Posted by Cathy Debenham on 12 January 2015 at 11:46 am

This blog was amended on 14 January 2014 in light of the comment from Celtic Renewable Energy below

Q: I have a solar thermal installation ECO 200esm manufactured by Energie thermodynamics. I have applied for the RHI (renewable heat incentive) and been refused by Ofgem. I have a green deal certificate, EPC and an MCS (Microgeneration Certification Scheme) certificate. The installation has produced 100% of my water heating for over 2 years. At the time of the installation I was informed the system would qualify when RHI was brought in. Can you help please?

A: I am afraid that your installer misled you if they said you would definitely get RHI. There are two distinct ways of using solar to heat water. One is solar thermal panels, which are eligible for the RHI. The other is thermodynamic panels which are not currently eligible. 

While your installer may have been MCS accredited for solar thermal, he won't have had accreditation for installing thermodynamic panels as this does not exist yet. No thermodynamic panels have been accredited either.

Some brands of thermodynamic panel (including Energie) have the European Solar Keymark accreditation. MCS accepts this as equivalent for solar thermal and solar PV panels, but not currently for thermodynamics. To be eligible for RHI both installer and product must be MCS accredited. When thermodynamics first came to the UK installers could issue an MCS certificate because of the Solar Keymark. However, that decision was subsequently revoked, and it was decided that specific standards for thermodynamics were needed.

MCS is in the process of deciding what standards it should apply for this technology and it is anticipated that it will be eligible for RHI (eventually, probably). However, I think it is unlikely that legacy installations will be be able to claim.

There is always a risk in installing before the legislation is in place that it might change from the original consulation document. If getting the financial incentive is key to your decision to install it's always better wait until the scheme is up and running. 


More information about the Renewable Heat Incentive (RHI) on YouGen.

More information about Solar Thermal on YouGen.



Andy in Hawick

Andy in HawickComment left on: 30 April 2015 at 11:27 am

Fair point Vivien. The change in attitude is problematic. It is linked with these technologies being adopted by a wider demographic, which is a good thing, but it does mean that the incentive is radically different.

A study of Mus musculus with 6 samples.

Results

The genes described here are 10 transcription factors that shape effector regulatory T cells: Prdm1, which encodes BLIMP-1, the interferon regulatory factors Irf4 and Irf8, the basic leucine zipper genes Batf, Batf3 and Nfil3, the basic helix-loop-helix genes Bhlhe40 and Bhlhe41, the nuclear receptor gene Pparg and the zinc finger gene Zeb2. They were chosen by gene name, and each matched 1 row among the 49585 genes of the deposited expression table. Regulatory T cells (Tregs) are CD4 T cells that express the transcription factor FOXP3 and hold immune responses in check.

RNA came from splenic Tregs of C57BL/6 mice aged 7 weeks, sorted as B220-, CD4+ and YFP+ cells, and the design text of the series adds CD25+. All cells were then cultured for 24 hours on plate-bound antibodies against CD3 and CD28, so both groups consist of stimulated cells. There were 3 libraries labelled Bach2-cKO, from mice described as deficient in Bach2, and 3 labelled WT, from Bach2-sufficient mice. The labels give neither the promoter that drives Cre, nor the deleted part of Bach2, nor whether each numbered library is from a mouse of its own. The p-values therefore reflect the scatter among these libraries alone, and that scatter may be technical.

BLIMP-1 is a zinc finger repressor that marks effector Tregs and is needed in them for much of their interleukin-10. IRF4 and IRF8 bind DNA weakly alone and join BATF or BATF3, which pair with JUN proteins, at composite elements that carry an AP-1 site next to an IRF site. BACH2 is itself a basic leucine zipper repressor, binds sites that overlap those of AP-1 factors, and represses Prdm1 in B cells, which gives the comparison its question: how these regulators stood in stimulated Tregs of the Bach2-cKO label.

It would be good to see some of these technologies officially accepted so that more people can benefit. The comments here underline the importance of the FiT & RHI schemes as they are not only drivers but touchstones for many people.


Sarah MillerComment left on: 27 April 2015 at 4:50 pm

I have also had the same panel fitted. This was in November 2012. When it was installed I was told that it would definitely be eligible for the RHI but that they couldn't guarentees the amount. Last summer I paid for an EPC to be done and was horrified when I put the information into the website to be told my system was not eligible. I challenged the company who put the panel in but to no avail. Furious and gutted :(


Cathy DebenhamComment left on: 15 January 2015 at 9:07 am

Comment from Vivien Turner, director, Celtic Renewable Energy

Our company fitted a few Thermodynamic systems when they first became available in 2010 – we did not continue with them because we found them to be troublesome.

However at the time, which was pre RHI, they were given an MCS certificate and it was acknowledged by Ofgem that when the RHI commenced they would be eligible.   Consequently this would have been the information that we passed on to the customer, in the same way that we told them about solar thermal systems being eligible when the RHI scheme commenced.

As it turned out DECC changed the criteria and the Thermodynamic systems were not listed on the Accredited Product list. So it is fair to say that it might not have been  the installation company that misled the customer – if the dates correspond with the erratic procedures influenced  by  Ofgem, then it was that organisation that misled.   Furthermore your advice to your blogger only adds fuel to the current blame and claim  culture that is rife in the UK which helps nobody except the legal fraternity.

True if your blogger has installed a system since that time then the installer should have told them that it was not on the list – but your blog needs to clarify the situation.

Contrary to what many would like to believe – not all  RE installation companies are rip-off merchants. Some of us are long established and respectable companies with the best  interests of our customers at heart.

Time was when we fitted renewable products because people wanted to “make a difference” sadly that has changed and now the very first question they ask us is “how much can I make!”